Ahhh, back to world of Elfhame, once ruled by faeries who are as cruel as they are capricious. Since the end of The Cruel Prince, Jude Duarte, a mortal girl, now dictate the fate of faerie-land from the shadows. Her proxy is a chaotic and unpredictable King Cardan, who has ideas of his own about the rule of Elfhame. Watching these characters grapple with their newfound positions was an absolute delight, especially as it is accompanied by the deadliest will-they-or-won’t-they known to YA. The result is an addictive page-turner that left me reeling and begging for more by the last pages.
First, I’ll discuss the one negative that led me to giving Wicked King a lower rating than its predecessor. I felt the character development was comparatively stagnant in this book, especially for Jude. Perhaps this was a result of the plot being revolved around political machinations and deception, even more so than in the last book. This led Jude to appear lacking in self-awareness at several points in the novel, whether it was in her relationships with her family, her fellow Shadow Court members, or with Cardan. Despite gaining a significant amount of power in this book, she lacked influence from the beginning and the plot did very little to navigate this issue. In general, this is common issue among the middle-book of most trilogies, because authors have to build up ground and maintain enough conflict for the final instalment.
Despite the issue with character growth, I still found myself relishing in every single character interactions. Jude has such great chemistry with everyone, and the undercurrent of tension beneath each line of dialogue is palpable. Our heroine has always had a complicated relationship with her oppressors, whether Madoc – both father and murderer of her biological parents, or Cardan – who evokes from Jude both a deep sense of self-loathing and desire. Such relationships are a manifestation of Jude’s own tempestuous bond to Elfhame: a place she yearns to call him but which continually marginalises her. It’s little wonder that her character resonates with me, despite her dubious moral compass.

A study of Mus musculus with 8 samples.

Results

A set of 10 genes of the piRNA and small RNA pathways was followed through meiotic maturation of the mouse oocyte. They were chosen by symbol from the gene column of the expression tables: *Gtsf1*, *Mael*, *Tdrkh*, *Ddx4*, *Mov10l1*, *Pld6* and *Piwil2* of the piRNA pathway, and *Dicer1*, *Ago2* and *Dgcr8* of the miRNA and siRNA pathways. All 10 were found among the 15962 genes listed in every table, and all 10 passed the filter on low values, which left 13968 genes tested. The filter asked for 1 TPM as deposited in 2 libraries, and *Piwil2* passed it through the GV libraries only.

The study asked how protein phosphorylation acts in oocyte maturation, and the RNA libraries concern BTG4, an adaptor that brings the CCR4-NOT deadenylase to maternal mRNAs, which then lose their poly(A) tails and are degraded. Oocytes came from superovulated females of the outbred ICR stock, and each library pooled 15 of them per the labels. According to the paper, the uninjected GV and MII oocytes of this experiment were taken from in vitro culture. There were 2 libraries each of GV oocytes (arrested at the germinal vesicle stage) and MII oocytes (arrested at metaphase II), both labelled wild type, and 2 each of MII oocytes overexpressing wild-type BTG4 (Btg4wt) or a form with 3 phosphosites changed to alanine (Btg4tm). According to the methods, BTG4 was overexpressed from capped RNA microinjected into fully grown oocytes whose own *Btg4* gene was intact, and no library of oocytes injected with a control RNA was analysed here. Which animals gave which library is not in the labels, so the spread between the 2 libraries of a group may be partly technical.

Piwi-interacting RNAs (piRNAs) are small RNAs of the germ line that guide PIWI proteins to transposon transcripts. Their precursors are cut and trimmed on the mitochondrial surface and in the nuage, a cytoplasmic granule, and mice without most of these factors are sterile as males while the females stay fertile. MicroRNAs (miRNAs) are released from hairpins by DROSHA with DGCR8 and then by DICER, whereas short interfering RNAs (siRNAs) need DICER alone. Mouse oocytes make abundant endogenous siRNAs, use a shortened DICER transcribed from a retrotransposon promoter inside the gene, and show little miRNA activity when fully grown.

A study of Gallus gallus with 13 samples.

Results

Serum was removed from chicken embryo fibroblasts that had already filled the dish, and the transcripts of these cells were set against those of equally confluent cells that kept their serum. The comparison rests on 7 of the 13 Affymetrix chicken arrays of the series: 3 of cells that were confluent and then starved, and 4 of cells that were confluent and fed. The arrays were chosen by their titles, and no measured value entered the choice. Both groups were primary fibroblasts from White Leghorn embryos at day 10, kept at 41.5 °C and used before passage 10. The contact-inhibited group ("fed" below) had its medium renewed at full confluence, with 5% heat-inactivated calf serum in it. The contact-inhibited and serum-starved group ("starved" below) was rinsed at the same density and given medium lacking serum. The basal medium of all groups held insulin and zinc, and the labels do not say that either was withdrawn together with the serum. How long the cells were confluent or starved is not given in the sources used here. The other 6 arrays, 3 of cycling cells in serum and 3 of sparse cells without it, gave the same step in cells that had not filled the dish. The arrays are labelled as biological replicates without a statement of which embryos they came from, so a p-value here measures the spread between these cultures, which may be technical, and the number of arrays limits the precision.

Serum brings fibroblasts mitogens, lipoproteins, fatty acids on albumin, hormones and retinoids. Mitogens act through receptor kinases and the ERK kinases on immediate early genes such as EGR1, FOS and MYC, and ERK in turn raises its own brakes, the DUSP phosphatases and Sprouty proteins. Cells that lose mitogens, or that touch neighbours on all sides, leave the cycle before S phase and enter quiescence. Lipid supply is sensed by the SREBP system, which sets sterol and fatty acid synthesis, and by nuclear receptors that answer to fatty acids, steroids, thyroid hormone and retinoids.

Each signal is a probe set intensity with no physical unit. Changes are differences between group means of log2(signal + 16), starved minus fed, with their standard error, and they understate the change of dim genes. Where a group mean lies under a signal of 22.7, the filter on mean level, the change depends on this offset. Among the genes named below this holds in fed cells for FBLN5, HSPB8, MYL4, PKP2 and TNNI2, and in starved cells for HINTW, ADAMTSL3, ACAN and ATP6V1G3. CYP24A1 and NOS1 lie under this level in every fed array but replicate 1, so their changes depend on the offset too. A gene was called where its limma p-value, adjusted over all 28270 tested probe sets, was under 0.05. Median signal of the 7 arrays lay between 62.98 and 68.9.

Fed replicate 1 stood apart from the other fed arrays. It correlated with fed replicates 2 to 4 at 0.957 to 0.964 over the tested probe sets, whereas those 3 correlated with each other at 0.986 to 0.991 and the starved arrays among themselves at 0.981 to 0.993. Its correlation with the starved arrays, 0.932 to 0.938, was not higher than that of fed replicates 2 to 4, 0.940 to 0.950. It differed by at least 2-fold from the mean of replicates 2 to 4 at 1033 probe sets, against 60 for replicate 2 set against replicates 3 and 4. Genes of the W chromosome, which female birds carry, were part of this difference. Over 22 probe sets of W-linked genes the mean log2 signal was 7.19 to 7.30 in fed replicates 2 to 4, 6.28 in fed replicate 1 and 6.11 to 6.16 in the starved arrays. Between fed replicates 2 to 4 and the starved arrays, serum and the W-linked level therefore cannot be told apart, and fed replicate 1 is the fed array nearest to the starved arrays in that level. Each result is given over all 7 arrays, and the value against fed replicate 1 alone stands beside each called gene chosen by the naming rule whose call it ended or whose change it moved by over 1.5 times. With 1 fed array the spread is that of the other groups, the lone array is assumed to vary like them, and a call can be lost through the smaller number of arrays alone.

World-building wise, we certainly see an expansion of faerie land within this book, including a glimpse into the Undersea. Political ties become increasingly strenuous as more parties emerged, all interested in testing the mettle of the new High King and his mortal seneschal. There’s also plenty of allusions to events of the past involving Jude’s parents, thickening the plot and setting the scene for the final book. However, I did feel that certain parts of the world-building felt lacking. Despite the numerous new locales we are introduced to, the world did not feel enriched by them.
Where the book truly shined was in the final arc of the novel, which was reminiscent to The Cruel Prince in the way the plot twisted and turned. If you thought the ending of the first book was cruel, wait until you finish this one. Go forth and join me in death until The Queen of Nothing arrives.